They fight, they ridicule, they spew vitriol. They're Canada's politicians!

Conservative Michael Chong, whose Private Member's bill is on the table in the Commons to clean up Question Period. Source: Creative Commons

“Behaviour in Question Period currently is abhorrent,” Conservative MP Michael Chong said before the doors of the Commons back in May, when motion M-517 was still in First Reading. “The level of decorum and behaviour needs to be elevated, and that’s what my motion is all about.”

I couldn’t agree more with his assessment.

But who tunes in to Cable Public Affairs Channel (CPAC), Canada's only privately-owned, commercial free, not for profit, bilingual licensed television service, to hear the drone of the committee room, or to see the gaunt bodies of the smattering of senators who happened to stumble in on a given Tuesday? 

What theatre!  How it ignites the people! And on top of all that, it provides the very best political soundbytes for the evening news, as MPs channel their inner twelve-year-olds.

But the fact is Parliament is not supposed to be theatre. Question Period was designed to hold the government accountable and lawmakers should not stoop to the level of schoolchildren.

Yes, Question Period is in dire need of some of the reforms that Mr. Chong  proposed back in May.

His main suggestions are common-sense approaches to keeping the “kids” in line. One of his main contentions is that 35 seconds, the time currently allotted per question and answer, is too short to be effective.  I would have to agree. Instead of delving into complex issues, parliamentarians often answer their own questions, leaving the interrogated minister no choice but to rise and respond with “liar”, “dishonourable”, or a combination of the two.

To further increase accountability, Chong proposes that Wednesday Question Periods be dedicated exclusively for questions to the Prime Minister, which would force him to defend his government only once a week, as opposed to the traditional four days a week.

But Prime Minister Harper’s attendance hovers around fifty percent, so Wednesdays would, in the reformed Question Period, be the political climax of the week as the government’s top dog tries to dodge the continuous barrage against his policy. And besides, who wouldn’t want to listen to Stephen Harper drone for 45 minutes?

Wait, we have to do that every year anyway with the Harper election schedule. Finally, Mr. Chong calls on the Speaker of the House, Peter Milliken, to rule with a firmer fist when it comes to the jeering, cat-calling, booing, and other theatrics of the House.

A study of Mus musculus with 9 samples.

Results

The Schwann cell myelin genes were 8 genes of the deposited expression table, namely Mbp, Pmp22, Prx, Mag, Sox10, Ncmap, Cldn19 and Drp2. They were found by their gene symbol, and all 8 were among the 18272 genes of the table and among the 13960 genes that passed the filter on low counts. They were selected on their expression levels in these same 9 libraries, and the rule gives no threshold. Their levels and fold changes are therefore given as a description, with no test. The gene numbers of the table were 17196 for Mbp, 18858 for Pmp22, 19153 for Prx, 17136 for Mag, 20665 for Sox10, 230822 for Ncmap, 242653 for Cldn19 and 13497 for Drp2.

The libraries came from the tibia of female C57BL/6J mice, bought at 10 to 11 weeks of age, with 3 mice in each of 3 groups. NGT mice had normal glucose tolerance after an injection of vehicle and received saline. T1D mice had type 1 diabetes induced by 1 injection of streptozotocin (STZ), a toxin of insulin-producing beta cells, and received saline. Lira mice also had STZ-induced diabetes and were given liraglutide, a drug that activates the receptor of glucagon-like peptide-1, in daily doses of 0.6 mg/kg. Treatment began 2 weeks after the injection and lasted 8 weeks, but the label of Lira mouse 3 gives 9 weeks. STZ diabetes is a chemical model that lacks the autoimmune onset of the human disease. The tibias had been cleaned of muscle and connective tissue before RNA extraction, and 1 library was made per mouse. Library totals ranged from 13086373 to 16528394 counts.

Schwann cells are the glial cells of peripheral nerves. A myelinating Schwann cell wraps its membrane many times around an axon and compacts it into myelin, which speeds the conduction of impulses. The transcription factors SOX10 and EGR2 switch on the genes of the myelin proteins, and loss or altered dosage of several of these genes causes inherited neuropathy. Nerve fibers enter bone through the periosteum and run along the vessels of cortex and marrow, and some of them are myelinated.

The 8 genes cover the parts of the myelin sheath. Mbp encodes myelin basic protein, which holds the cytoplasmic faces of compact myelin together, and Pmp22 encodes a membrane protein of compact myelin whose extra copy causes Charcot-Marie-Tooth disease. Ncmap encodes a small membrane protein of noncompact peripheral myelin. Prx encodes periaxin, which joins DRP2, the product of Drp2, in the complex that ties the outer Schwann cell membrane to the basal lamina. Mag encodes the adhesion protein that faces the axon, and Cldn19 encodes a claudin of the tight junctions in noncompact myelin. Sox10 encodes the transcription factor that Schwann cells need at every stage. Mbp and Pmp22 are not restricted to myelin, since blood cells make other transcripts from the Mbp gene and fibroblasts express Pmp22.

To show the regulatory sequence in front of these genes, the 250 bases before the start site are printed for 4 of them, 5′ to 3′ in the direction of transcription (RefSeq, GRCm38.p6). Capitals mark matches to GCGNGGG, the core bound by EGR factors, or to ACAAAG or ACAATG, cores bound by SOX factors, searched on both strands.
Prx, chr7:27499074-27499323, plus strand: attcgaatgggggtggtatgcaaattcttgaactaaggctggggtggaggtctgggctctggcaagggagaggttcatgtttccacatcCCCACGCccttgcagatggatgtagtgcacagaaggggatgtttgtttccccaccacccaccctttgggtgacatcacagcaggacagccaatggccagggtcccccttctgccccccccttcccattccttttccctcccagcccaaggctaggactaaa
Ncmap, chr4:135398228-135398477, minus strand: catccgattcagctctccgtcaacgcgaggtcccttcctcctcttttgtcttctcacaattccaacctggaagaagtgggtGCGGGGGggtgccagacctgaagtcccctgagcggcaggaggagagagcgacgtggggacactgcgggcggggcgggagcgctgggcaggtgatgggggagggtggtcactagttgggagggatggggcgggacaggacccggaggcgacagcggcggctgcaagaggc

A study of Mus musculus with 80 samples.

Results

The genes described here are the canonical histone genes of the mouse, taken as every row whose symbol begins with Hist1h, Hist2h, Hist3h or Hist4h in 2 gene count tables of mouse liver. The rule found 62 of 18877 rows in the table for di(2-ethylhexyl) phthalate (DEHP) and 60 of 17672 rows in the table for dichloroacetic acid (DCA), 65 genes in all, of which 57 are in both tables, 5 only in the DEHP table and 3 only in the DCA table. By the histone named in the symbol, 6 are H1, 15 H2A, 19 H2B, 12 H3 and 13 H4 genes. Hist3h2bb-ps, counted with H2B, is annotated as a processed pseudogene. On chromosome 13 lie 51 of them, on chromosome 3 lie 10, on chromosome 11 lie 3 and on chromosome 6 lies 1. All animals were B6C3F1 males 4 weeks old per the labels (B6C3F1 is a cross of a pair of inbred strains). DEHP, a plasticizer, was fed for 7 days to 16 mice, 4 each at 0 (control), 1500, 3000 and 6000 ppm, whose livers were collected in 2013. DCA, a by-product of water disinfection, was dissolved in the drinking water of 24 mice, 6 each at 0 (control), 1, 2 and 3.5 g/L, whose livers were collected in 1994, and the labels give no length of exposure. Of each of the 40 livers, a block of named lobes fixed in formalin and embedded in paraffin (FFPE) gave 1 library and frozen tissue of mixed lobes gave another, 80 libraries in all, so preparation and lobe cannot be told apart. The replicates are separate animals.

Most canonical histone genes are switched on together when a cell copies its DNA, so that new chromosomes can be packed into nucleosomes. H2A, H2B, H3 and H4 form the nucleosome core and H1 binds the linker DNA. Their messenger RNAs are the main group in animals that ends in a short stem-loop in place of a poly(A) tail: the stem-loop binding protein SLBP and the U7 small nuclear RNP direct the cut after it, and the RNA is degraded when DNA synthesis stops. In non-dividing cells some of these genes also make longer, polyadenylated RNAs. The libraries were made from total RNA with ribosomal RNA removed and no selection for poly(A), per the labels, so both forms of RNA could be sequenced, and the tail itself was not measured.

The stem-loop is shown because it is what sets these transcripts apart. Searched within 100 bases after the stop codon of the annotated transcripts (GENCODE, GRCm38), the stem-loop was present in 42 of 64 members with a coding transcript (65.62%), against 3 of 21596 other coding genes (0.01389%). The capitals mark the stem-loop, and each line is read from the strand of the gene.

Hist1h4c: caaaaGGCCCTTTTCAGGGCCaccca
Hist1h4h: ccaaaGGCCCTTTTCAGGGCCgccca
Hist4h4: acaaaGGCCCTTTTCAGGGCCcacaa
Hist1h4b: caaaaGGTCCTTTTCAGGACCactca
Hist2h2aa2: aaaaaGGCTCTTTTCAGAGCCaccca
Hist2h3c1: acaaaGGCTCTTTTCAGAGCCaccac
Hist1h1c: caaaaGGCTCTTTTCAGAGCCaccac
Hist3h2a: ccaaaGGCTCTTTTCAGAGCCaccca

Am I the only one laughing when the Honourable Speaker rises from his chair, screaming “order, order” fruitlessly while the members of the House continue to chatter amongst themselves?

All we need now are  paper airplanes, spitballs, and notes forged by our nation's leaders asking to be excused for underwater basketweaving tournaments.  

But now that motion M-517 is headed to committee, MPs will be able to consider making changes. It would not be wise for any MP to oppose these common-sense approaches to restoring the dignity of the House. The motion’s defeat would lie in the fine print; a rotation amongst Cabinet members, a requirement for half of all questioners to be party backbenchers, among some other tweaks.

But if M-517, actually passes in Third Reading and reforms Parliament’s only watchable segment, count me in as one who will mourn the loss of Question Period's rude, slanderous, undignified glory.

Even though every reasoning cell in my brain knows it is good for our government, good for our country, and good for democracy for Question Period to be toned down, made less personal, and a discussion of issues rather than personalities, I will still be loath to see it go.

Where would the parliamentary “pitbull”, Government House Leader John Baird be without Question Period for him to air his YouTube-sensation-worthy tirades? Where would we be able to hear clever shots at Michael Ignatieff’s second home in Provence, while he is in the midst of attacking Harper’s financial excesses?

In return for better government, losing our political theatre may be a very small price to pay.  But the fact is, without it, we may never be treated to this hilarity again.